Malilong: Huge quarantine bill

·3 min read

All the seven district representatives from the province and a party list congressman are backing Gov. Gwendolyn Garcia’s policy over that of the IATF on the testing of international arrivals at the Mactan-Cebu International Airport.

I have not seen a copy of the “manifesto of support” that they signed, but published reports indicate that it was addressed to the Inter-Agency Task Force (IATF) that President Duterte created to oversee the government’s response to the Covid-19 pandemic. I seriously doubt if the IATF will be moved into changing its position even if the legal, constitutional and practical grounds that the congressmen cited may be correct.

The sad reality is that IATF has dug its heels on the issue so deeply (as has the governor, by the way) that it is next to impossible to convince them to reverse course without being ordered by the President. But I can see why the eight congressmen are not asking him to intervene. Garcia has already spoken to him last week and his reaction, again based on published reports, was to ask the Department of Health to review Garcia’s policy and determine if it can be adopted nationwide. In the meantime, the President reportedly told Garcia to follow the IATF guidelines.

Little has been heard so far about the results of the critique other than the comment of a DOH official praising the Cebu practice. Let’s hope that the reviewing committee, or however they are called, are not intentionally dragging their feet for fear of angering either Garcia or the IATF. Note that the regional DOH office has so far kept silent on such a very important issue affecting its mandate.

One of the biggest arguments in favor of the “Garcia protocol” is the huge financial burden that the IATF-mandated quarantine for 14 days even if the swab test results have come out negative, imposes not only on returning overseas Filipinos but also on the government.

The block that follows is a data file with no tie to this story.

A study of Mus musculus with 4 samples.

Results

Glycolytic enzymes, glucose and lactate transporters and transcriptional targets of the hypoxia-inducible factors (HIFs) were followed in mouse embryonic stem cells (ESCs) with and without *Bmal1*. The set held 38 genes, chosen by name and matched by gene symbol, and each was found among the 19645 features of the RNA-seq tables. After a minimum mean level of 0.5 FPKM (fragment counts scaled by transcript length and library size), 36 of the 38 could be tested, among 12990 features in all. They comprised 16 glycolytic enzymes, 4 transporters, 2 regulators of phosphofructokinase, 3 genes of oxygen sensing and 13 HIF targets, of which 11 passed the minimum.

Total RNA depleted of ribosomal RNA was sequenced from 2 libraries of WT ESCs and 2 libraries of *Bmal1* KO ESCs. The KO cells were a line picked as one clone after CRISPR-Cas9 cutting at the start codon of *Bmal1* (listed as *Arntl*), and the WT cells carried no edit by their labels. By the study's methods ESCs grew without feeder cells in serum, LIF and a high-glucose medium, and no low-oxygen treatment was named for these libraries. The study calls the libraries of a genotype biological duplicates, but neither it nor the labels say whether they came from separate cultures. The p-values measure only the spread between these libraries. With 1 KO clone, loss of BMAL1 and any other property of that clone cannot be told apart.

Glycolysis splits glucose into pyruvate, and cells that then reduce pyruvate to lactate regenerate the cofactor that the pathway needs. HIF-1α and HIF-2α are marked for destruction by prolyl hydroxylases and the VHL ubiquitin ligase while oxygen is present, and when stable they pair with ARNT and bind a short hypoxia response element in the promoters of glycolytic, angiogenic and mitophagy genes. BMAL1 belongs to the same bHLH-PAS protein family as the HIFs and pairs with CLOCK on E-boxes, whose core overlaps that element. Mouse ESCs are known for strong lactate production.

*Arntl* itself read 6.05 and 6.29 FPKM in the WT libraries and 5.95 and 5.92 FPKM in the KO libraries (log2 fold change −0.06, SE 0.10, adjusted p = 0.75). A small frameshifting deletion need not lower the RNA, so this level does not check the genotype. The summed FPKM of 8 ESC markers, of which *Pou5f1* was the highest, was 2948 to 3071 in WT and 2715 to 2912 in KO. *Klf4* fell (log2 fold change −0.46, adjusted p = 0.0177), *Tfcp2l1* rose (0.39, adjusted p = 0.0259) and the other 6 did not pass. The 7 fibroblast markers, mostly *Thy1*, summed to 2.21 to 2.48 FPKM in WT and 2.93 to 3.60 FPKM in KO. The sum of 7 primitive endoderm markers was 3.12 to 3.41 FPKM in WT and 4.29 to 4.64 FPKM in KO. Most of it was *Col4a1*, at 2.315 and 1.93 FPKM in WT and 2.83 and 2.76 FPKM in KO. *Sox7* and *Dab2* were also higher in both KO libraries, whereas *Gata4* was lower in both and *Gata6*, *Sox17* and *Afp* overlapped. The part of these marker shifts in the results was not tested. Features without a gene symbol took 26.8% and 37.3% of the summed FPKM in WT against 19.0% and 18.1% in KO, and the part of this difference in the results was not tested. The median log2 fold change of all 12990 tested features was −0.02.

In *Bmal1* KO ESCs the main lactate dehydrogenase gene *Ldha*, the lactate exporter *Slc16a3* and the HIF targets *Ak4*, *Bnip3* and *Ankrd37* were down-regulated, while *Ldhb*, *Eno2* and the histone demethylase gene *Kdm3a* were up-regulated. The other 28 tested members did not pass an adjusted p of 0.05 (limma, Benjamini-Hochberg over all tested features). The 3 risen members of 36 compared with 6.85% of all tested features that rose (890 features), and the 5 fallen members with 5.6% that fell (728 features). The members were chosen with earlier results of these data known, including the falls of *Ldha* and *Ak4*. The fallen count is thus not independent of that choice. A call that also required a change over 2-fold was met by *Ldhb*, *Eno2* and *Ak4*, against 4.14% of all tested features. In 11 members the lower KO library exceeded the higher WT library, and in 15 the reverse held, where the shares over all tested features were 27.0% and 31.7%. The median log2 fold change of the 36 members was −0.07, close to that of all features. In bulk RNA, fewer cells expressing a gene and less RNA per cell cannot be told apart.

As I already pointed out in a previous column, the cost of repatriating OFWs is shouldered by the government and rightly so, if I may add, because these are the people whose remittances have kept our economy from sinking deeper. As our modern-day heroes, they deserve every little way of showing our appreciation for their sacrifice.

The trouble is that there is nothing little of the money that the government paid and continues to pay for OFW’s 14-day quarantine. A hotel room costs a maximum of P3,000 per day, regardless of the hotel’s classification, according to a CNN report. Multiply that by 14 and keeping in mind that the normal flow of OFW arrivals runs from 2,000 to 3,000 per day, you can see why the funds administered by the Overseas Workers Welfare Administration (Owwa) are almost depleted.

Note that this money comes from the OFW’s contributions and are owned by them. They are intended for the workers’ benefits, not repatriation expenses, as Sen. Franklin Drilon has pointed out. But that (quarantine cost) was where the workers’ funds went. Last year, the agency rang the alarm bells, appealing for help because the Owwa can no longer sustain the expenses without government subsidy. The administration responded by granting the agency P5.2 billion last year and P6.2 billion this year with a promise of an additional P5.2 billion as soon as they can find the money.

So far this year, hotel costs have approached P3.5 billion, P700 million of which had been processed for payment, according to the Owwa. There is money — big money — in quarantine.

Now please do not impute any malice in the last sentence.